Midnight Mining Camp, Colfax County, New MexicoEdit This Page
South of Cabresto Park in the Carson National Forest.
GPS: Latitude: 36.7639 N; Longitude: -105.3528 W.
Elevation: 10,535 feet (3,211 meters)
Midnight Mine map;
Photos: Midnight log cabin ruins and Deserted log cabins of the Edison Mill near Anchor.
pp153 in Ghost Towns and Mining Camps of New Mexico by James and Barbara
Post Office: Established 1895 , discontinued 1898.
Census Data: 1900 US Census complete enumeration for Midnight was Precinct 26 is as follows:
Charles H. Brigham born August 1850, New York, watchman
August M Ewing born November 1839, Kentucky, Gold and silver miner
Alonzo D Parker born September 1863, Illinois, Gold and Silver miner.
Dorathy Parker, wife, born December 1878, Colorado
Victor C Parker, son, born May 1896, Colorado
Wilmot A Brown born March 1878, Maine, Gold and Silver miner
High in the Cimarron Range, rests a handful of deserted log cabin ruins at the edge of pine forest clearing. The small crudely constructed buildings, mark the site of this short lived gold mining camp. This small burg was settled about 1895, when a post office was established. The claims that were worked in the vicinity were known as: Midnight, Memphis, Caribel, Edison, and Anchor.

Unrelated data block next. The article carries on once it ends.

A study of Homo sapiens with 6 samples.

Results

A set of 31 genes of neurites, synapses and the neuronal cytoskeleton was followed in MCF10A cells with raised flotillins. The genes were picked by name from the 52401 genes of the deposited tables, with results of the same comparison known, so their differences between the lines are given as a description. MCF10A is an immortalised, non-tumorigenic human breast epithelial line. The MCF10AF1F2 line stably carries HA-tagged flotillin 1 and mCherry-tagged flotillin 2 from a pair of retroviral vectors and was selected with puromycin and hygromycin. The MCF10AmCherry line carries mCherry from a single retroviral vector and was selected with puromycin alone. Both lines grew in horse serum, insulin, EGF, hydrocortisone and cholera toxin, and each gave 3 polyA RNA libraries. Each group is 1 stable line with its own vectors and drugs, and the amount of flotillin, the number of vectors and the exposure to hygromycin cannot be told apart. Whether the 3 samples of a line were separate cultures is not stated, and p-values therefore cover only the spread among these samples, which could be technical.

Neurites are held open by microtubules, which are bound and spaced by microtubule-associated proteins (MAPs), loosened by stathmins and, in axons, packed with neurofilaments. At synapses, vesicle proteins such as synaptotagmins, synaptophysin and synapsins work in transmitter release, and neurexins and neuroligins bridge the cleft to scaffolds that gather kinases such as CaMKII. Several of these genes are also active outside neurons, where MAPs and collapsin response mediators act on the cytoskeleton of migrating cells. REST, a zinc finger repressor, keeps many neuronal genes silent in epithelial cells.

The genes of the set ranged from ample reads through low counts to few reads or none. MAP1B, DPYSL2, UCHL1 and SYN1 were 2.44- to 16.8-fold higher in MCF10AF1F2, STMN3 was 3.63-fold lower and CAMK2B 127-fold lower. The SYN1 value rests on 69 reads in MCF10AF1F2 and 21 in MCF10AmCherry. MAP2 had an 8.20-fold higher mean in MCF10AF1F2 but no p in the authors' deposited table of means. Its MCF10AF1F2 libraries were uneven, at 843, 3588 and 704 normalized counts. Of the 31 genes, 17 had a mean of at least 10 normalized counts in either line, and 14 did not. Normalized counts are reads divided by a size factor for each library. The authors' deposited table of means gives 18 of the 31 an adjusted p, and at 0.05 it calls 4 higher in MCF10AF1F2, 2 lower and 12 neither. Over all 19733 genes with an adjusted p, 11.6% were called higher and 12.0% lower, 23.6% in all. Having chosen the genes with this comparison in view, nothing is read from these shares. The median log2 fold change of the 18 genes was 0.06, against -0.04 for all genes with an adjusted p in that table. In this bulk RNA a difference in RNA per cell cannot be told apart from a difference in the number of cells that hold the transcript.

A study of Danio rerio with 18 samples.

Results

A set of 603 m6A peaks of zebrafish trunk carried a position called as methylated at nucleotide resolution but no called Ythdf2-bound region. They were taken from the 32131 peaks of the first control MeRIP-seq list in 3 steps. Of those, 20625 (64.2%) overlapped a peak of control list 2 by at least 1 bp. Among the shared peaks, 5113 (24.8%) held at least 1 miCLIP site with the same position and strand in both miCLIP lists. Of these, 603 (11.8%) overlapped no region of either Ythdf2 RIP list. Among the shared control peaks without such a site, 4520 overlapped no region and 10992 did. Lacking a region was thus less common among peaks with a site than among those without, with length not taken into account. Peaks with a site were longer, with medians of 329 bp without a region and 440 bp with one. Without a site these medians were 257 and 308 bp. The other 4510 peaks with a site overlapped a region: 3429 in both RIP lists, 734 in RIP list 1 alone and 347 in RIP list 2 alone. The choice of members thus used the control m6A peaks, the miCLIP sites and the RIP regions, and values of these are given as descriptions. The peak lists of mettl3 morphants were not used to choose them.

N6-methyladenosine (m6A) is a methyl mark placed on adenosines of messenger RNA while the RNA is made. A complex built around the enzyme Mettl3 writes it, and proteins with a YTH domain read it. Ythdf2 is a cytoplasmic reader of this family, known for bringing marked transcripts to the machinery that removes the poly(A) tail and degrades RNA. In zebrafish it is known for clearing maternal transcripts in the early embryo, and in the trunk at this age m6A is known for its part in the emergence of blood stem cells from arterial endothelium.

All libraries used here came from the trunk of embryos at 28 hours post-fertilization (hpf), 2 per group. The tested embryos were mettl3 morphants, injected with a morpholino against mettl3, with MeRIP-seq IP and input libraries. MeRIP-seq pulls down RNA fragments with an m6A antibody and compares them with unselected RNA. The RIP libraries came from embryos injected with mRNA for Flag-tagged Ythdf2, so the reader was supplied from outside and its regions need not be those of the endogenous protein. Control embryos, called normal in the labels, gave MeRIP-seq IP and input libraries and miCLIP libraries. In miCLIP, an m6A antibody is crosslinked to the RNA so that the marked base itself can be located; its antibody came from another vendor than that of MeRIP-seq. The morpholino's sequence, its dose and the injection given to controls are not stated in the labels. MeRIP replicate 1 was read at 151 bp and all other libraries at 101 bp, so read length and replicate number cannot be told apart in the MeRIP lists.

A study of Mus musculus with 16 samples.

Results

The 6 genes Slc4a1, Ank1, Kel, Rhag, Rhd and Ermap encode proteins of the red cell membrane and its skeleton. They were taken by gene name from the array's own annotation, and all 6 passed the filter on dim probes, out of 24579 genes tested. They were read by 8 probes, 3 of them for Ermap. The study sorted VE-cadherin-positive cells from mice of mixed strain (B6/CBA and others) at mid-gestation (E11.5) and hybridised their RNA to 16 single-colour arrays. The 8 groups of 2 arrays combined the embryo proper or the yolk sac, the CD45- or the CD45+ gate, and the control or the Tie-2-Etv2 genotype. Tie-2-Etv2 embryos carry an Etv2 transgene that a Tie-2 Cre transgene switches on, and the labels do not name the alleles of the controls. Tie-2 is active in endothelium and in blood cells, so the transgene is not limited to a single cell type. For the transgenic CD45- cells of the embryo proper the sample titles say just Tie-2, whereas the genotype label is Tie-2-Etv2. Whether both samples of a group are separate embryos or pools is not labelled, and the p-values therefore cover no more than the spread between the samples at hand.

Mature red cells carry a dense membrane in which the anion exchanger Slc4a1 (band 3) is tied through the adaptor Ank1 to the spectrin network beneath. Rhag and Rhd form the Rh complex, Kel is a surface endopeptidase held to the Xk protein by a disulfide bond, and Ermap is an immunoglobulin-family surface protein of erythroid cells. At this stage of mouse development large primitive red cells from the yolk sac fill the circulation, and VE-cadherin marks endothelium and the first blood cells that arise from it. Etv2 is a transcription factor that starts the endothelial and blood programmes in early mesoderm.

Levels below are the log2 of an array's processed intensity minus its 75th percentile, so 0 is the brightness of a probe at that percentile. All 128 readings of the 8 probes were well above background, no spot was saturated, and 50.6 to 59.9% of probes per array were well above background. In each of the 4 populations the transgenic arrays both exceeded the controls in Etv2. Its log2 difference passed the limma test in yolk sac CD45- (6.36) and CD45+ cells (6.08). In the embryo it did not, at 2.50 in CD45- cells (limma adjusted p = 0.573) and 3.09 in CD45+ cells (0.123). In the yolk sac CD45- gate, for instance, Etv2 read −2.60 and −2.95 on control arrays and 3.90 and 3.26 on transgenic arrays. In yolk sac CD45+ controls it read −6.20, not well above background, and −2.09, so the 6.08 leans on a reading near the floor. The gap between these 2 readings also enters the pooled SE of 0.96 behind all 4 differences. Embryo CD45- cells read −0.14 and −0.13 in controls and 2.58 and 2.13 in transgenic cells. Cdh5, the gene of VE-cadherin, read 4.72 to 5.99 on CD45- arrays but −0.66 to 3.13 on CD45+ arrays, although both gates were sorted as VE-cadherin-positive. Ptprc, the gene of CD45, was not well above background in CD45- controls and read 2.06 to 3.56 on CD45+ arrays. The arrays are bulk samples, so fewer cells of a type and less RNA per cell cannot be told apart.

Small investments and much hard labor yielded enough gold to sustain life in the camp for about 3 years. In 1897, the population of about 200 used the services of the Ellis & Co. General Merchandise Store. Hays & Co Blacksmith, and a justice of the peace. Mail and passengers came 3 times a week from Catskill, 58 miles to the East. School was held for 3 months a year. The native gold and silver ore from the 4 producing mines was sent to Denver for treatment.
The lack of free milling ores and land litigation problems were the reasons for the abandonement of the town. It is said that the decision to close the Midnight Mine was made so suddenly that 32 log buildings that were being built were left unfinished.
Family History Links:
1. Ghost Towns and Mining Camps of New Mexico, by James E. and Barbara Sherman. University of Oklahoma Press, Norman. 1974. Google Books.
2. Trails of Historic New Mexico: Routes Used by Indian, Spanish and American Travelers through 1886. by Hunt Janin and Ursula Carlson. page 108-109. Google Books.
3. The Ore deposits of New Mexico by Louis Carl Graton, Charles Gordon, page 89.